North American cities are 'most digitally advanced,' new report says


Cities in North America are the most prepared in the world to deliver government services built on artificial intelligence, the “internet of things” and cloud-based software, according to the report, published Tuesday by ESI ThoughtLab, an arm of the consulting firm Econsult Solutions. Twelve U.S. cities — including Baltimore, Boston, Los Angeles and New York — are global “leaders” in deploying connected infrastructure and making digital investments, the report claimed. The 167-city study, titled “Smart City Solutions for a Riskier World,” classified another 17 cities as “intermediate” in their progress toward becoming “smart cities,” possessing somewhat less-advanced data collection and analysis systems.

North American cities also had the largest average technology budget of any continent, at $33.2 million, researchers said, who also noted the COVID-19 pandemic’s influence on technology policy.

“Our discussions with global city leaders have made it clear that the pandemic has been a catalyst for remarkable technological, business, and social change, which will continue even after the health crisis ends,” Lou Celi, the CEO of ESI ThoughtLab, said in a press release. “The most successful cities will be digitally transformed, citizen-centric, and fully sustainable, as well as skilled in the new ways of doing business. We call these cities, Cities 4.0.”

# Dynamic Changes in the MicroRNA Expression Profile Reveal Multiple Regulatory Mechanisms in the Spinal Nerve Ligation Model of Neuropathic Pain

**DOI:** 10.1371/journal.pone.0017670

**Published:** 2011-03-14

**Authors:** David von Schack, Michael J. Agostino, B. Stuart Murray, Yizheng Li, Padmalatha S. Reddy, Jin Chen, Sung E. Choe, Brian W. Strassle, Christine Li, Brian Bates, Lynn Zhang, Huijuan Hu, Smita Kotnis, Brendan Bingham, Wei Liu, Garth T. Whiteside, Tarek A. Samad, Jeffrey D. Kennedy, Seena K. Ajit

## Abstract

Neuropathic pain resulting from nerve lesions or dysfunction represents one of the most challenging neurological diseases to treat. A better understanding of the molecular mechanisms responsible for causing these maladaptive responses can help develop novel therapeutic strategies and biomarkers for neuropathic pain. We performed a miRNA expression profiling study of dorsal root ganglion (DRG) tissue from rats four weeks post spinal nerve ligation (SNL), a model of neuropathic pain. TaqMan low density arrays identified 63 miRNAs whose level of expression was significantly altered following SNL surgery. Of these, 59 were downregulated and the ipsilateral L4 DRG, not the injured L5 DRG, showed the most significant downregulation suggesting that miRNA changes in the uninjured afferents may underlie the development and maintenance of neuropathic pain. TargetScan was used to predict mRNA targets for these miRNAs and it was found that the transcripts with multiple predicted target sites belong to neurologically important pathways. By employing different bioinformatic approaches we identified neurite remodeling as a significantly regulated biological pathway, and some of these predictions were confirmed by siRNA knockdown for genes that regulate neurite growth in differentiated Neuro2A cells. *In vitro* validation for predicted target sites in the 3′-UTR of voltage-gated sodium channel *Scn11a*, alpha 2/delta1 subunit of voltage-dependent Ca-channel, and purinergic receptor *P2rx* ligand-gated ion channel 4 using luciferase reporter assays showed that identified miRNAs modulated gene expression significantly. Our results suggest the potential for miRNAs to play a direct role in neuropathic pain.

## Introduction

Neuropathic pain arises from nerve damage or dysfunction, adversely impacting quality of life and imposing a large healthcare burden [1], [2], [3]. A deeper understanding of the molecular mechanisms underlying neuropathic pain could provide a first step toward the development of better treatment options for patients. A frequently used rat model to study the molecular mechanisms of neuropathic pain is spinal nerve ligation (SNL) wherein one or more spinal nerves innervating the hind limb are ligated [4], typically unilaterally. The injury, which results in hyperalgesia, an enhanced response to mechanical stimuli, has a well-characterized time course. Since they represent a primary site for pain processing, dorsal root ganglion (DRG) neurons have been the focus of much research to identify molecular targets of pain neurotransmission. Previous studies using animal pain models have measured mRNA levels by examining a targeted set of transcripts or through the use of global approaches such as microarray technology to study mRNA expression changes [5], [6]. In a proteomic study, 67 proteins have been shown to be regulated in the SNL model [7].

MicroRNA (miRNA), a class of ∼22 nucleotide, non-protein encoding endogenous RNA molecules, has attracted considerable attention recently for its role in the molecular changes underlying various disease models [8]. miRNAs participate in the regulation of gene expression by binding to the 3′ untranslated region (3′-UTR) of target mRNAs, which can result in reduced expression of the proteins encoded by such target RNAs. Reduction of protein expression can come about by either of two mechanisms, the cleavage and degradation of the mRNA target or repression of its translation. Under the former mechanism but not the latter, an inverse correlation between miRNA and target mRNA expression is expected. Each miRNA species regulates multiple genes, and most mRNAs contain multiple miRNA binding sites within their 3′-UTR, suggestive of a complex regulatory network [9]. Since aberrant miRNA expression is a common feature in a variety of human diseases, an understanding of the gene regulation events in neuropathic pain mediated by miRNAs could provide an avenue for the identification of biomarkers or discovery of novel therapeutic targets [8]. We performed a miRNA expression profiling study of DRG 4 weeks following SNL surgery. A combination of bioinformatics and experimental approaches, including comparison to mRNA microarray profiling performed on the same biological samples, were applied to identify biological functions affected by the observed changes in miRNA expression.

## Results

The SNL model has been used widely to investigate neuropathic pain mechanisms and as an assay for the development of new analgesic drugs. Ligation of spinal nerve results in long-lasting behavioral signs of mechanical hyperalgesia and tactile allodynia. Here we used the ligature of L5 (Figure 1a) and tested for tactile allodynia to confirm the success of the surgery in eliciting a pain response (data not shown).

The group — which conducted the study with an advisory board of executives from companies that include Cisco, Deloitte, General Motors and Oracle, along with researchers from several universities — also found 58% of North American cities were prepared for cyberattacks, more than any other region.

That figure could grow in the next three years as partnerships between states, cities and federal agencies grow, Celi said. At least 80% of North American cities reported they expect to partner more with their federal agencies in the next three years, while 75% said the same about their state or provincial government agencies. The Biden administration has promised U.S. mayors an “open door” to the White House to discuss pandemic aid and other policies.

“There’s going to be much more partnership between cities, states and federal government, particularly as cities recover from the pandemic,” Celi said. “That’s about stimulus funding, funding for infrastructure — I think you’re going to see more partnerships between government agencies.”